Rate Law and Mechanism of Reaction

Rate Law and Mechanism of Reaction

Rate Law and Mechanism of Reaction

Mechanism of Reaction is the step by step sequence of elementary reactions by which overall chemical change occurs. It has been stated before that for a reaction to take place reacting molecules must collide with each other. Remembering that chemical reactions involve breaking and forming of bonds it is hard to imagine that these breaking and forming of bonds always take place instantaneously and in one step. It is believed that in most reactions more than one step is involved in the formation of the products from the reactants. Such speculations are arrived at by bringing together both theory and experiment.

Take for example the simple reaction:

NO2 (g) + CO (g) → NO (g) + CO2 (g) (overall reaction)

The reaction is experimentally found to be of second-order. This gas phase reaction is believed to take place in two steps:

NO2 (g) + NO2 (g) → NO3 (g) + NO (g)    (elementary reaction)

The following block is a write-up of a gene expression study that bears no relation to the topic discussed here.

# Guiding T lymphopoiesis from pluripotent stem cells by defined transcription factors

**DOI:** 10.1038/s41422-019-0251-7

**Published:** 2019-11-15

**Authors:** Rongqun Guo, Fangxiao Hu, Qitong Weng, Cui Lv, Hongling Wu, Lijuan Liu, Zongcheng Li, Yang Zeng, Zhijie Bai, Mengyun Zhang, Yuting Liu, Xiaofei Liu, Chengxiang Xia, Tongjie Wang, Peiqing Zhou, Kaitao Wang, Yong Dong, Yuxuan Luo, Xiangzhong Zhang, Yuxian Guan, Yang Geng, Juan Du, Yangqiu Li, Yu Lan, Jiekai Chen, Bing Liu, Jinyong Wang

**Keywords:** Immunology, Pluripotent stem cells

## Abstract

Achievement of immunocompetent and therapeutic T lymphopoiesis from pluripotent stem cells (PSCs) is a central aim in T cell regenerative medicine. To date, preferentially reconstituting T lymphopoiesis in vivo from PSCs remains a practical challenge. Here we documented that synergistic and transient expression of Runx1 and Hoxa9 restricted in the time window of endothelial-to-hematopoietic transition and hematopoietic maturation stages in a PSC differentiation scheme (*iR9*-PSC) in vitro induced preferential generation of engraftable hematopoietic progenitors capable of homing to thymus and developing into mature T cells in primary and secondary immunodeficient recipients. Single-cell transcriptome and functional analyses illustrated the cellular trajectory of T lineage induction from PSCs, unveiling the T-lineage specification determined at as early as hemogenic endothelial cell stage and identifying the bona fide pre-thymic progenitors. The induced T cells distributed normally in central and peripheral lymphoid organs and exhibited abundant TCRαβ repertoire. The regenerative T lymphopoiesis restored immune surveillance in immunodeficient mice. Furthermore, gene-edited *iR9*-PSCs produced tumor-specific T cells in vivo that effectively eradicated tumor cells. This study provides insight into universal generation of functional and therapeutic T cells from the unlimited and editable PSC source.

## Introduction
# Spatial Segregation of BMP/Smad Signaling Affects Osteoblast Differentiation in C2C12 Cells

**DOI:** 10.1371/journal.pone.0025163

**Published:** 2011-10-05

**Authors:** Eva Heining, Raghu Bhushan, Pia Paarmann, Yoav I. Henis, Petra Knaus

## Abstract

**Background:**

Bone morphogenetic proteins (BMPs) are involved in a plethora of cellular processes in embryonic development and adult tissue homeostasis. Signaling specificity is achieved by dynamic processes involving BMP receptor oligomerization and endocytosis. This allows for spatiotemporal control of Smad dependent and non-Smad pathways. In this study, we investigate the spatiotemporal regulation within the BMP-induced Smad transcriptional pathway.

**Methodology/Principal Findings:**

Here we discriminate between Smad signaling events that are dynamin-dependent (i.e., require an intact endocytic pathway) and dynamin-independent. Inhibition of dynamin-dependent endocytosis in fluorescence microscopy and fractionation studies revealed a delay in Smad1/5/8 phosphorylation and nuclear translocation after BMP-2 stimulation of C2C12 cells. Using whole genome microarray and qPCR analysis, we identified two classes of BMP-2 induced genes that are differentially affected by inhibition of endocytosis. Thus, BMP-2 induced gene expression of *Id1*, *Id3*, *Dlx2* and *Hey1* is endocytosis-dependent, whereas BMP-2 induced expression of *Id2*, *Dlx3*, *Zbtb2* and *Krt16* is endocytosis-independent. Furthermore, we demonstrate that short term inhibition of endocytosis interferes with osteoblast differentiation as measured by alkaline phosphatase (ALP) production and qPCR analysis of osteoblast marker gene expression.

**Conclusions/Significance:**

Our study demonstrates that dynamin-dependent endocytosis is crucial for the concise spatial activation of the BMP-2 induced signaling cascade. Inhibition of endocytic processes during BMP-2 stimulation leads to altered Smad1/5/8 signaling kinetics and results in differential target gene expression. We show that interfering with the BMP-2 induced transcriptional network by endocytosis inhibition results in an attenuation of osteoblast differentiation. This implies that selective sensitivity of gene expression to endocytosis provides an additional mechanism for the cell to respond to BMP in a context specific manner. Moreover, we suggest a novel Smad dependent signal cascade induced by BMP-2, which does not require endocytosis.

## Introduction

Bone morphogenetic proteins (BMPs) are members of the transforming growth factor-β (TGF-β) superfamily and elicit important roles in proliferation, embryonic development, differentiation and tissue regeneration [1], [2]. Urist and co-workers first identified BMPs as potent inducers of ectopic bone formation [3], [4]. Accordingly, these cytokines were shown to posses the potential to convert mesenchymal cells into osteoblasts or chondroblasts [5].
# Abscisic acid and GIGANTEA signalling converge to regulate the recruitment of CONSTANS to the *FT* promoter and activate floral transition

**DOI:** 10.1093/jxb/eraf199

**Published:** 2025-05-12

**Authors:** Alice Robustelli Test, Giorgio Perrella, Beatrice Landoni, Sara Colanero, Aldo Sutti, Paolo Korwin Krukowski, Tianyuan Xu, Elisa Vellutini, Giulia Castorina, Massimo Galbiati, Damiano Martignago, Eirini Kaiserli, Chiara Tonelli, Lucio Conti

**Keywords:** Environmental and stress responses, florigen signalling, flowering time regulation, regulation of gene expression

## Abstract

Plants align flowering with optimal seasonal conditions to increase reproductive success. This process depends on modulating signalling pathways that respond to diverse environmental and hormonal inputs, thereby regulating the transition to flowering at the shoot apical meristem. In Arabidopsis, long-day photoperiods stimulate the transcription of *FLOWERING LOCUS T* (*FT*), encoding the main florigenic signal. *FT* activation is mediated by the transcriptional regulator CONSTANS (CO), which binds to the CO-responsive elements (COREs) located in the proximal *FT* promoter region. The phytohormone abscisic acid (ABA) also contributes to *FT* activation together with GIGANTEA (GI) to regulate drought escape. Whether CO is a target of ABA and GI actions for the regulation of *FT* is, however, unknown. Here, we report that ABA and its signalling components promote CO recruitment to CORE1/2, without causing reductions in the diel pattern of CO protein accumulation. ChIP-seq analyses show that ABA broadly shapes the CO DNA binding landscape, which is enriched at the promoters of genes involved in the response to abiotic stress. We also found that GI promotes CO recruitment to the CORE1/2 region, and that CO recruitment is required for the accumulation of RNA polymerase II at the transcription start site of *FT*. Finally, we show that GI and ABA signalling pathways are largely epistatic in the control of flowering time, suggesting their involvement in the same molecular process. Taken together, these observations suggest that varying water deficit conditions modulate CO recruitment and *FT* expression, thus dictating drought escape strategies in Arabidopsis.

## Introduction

NO3 (g) + CO (g) → NO2 (g) + CO2 (g)     (elementary reaction)

Each step, called an elementary reaction, is a single molecular event. A sequence of such events leads to the overall or net reaction. The set of elementary reactions which lead to the overall or net reaction is called the mechanism of the reaction. The sum of the steps, or the elementary reaction equations, in the mechanism should yield the overall or net reaction equation.

According to the proposed mechanism for the above reaction two NO2 molecules collide to react and form one NO3 molecule and one NO molecule. NO3 is said to be a reaction intermediate. A reaction intermediate is a species produced during an elementary step of a reaction but does not appear in the net reaction equation. A reaction intermediate has a very short life and takes part in the subsequent step very fast. In most cases the reaction intermediate cannot be isolated and identified experimentally. In the above mechanism NO3 is the reaction intermediate, which reacts quickly with CO to produce NO2 and CO2. One can see that by aiding the above two elementary reaction equations the overall equation is obtained.

Let us consider the following example-

Carbon tetrachloride is obtained by the chlorination of chloroform, CHCl3.

Cl2 + CHCl3 → CCl4 I HCl

The following elementary steps have been proposed to constitute the mechanism of this gas phase reaction.

Cl2 ↔ 2Cl

Cl + CHCl3 → HCl + CCl3

Cl + CCl3 → CCl4

These equations add up to the overall equation.